The White Wolf Rides Again: Artist John Picacio on Illustrating Michael Moorcock’s “Elric: Swords and Roses”


Ask any illustrator which contemporary fantasy epics are the “dream projects” to illustrate and you’ll get a range of responses. You can bet though that every artist worth his/her salt will say Elric of Melnibone is on their dream shortlist. Today, Ballantine/Del Rey releases the sixth and concluding volume of their definitive Elric omnibus series, Elric: Swords and Roses by the legendary Michael Moorcock.

I illustrated the cover and interiors for this volume as well as the first of the series, Elric: The Stealer of Souls, and the cover of the third volume, Elric: The Sleeping Sorceress. I joined the great Michael Kaluta, Justin Sweet, and Steve Ellis, as the artists chosen to illustrate this series.

Most of my cover illustrations spring from something essential within the text and this one was no different. Here’s one of my favorite passages from Swords And Roses:

“As his warhorse stamped upon the filthy shingle, he drew the runesword out of its scabbard so Stormbringer’s black radiance poured into that great, ruined space, and a dangerous murmuring song came out of it, as if it lusted for the soul of he who had tried to steal its energy. And the warhouse reared up, pawing at the murky air; and the albino’s scarlet eyes blazed through all that layered darkness, and he cried out the name of the one who had wronged them, who had created all this, who had abused every power, every responsibility, every duty, every treaty, every trust ever placed in him.”

Why did this passage call out as a cover inspiration? Mike once said his early career was inspired by the old American cowboy movie serials he watched, amidst the rubble of a WWII-torn London. It occurred to me that they often ended with some variation of the hero riding his horse into the sunset at story’s end. Well, this series was coming to a close, but Elric wasn’t going to be galloping gently into any tranquil sunsets. He instead demanded to subvert that cliché as he’s done to so many for almost fifty revolutionary years.

When I illustrate a Moorcock book, my art best serves Moorcock’s glorious prose as an emotional conduit, rather than as a literal visual translator. That’s my intention going in because his writing is so stirring and visually potent by itself. One big advantage came attached to this job: I knew exactly where the cover typography would be. The cover type is a unifying element across the series and in this case, is positioned in the same place for every book. I knew the composition would be full-bleed (no borders and art pushing beyond the edges of the cover), but only the top-half of the image would be seen above the typography that would dominate the entire bottom half of the cover. That’s an interesting challenge, especially considering I wanted a dynamic action shot of Elric on horseback.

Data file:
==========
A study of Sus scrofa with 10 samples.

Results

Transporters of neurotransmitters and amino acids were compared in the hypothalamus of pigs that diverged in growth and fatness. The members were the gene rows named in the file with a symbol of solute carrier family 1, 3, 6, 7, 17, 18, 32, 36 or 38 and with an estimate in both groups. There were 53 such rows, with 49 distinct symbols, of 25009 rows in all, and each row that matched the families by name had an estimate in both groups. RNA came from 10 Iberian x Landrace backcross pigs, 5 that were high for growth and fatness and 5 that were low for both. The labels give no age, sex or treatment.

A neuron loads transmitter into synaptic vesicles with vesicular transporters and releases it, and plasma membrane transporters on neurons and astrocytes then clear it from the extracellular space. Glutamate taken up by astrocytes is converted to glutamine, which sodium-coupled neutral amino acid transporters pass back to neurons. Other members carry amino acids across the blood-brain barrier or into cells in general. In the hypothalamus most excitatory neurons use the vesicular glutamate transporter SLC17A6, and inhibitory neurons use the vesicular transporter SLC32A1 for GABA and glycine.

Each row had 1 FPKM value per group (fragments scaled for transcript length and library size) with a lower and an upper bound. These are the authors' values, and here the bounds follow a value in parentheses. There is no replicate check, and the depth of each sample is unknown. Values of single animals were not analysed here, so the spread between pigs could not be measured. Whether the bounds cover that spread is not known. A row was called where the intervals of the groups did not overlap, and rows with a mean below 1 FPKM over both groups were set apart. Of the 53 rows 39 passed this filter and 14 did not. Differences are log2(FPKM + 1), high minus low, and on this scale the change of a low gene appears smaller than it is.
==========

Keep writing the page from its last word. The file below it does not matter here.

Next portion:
I remembered a classic N.C. Wyeth painting of an Indian on horseback, galloping toward the viewer, with spear in hand. One of the initial rough sketches that I submitted to art director David Stevenson was very much an homage to that Wyeth image. It was by far my favorite of my ideas. On the plus side, I really liked the way Elric’s riding posture, facial expression and the horse’s upper anatomy compacted into a tight compositional space. That would help the image to fit within the cover’s particular type scheme. On the downside, I thought my initial sketch was very much a derivative adaptation of the Wyeth image and would need to evolve much more in order to become its own thing. Thankfully, it did just that, and I think my final art found its way toward something iconic and essentially Elric.

On to a glimpse of the book’s interior illustrations, which were art-directed by Del Rey VP/Editor-in-Chief Betsy Mitchell. Here’s a peek at three of them. I did these with traditional Faber Castell pencils on illustration board.

This first one is simple but it’s one of my favorite Elric drawings I’ve ever done. For me, it captures a melancholy that’s essential to the character. This is the first illustration of Chapter One. I drybrushed white acrylic to get thebacklight coming from the right across the horse’s face and neck.

The second preview is inspired by the following passage:

“He raised the blade, almost lovingly, cradling it like a child. ‘We have need of each other still, thee and I.’”

Elric and his soul-drinking sword Stormbringer have one of the most compelling and destructive relationships in all of modern fantasy. They indeed need each other, as a junkie needs heroin. I see Elric and Stormbringer as the Pieta, just as much as I see them as Sid and Nancy.

This final one is a full-pager for the novella Black Petals, included in the book.

This one speaks for itself, doesn’t it? No introspection here. Elric is in trouble, but he’s got Stormbringer, and I think we all can imagine what might be coming next.

There’s more where these came from in Elric: Swords and Roses.

For me, it’s a bittersweet day. I’m overjoyed at the release of this latest omnibus, but sad to see the completion of this great series from Del Rey. I want to read more adventures, but that’s the great thing about the best revolutions in pop culture. They transcend and remind us of the best we have, when we need them most. Today’s a great day for swords, roses and revolutions. Long live Elric.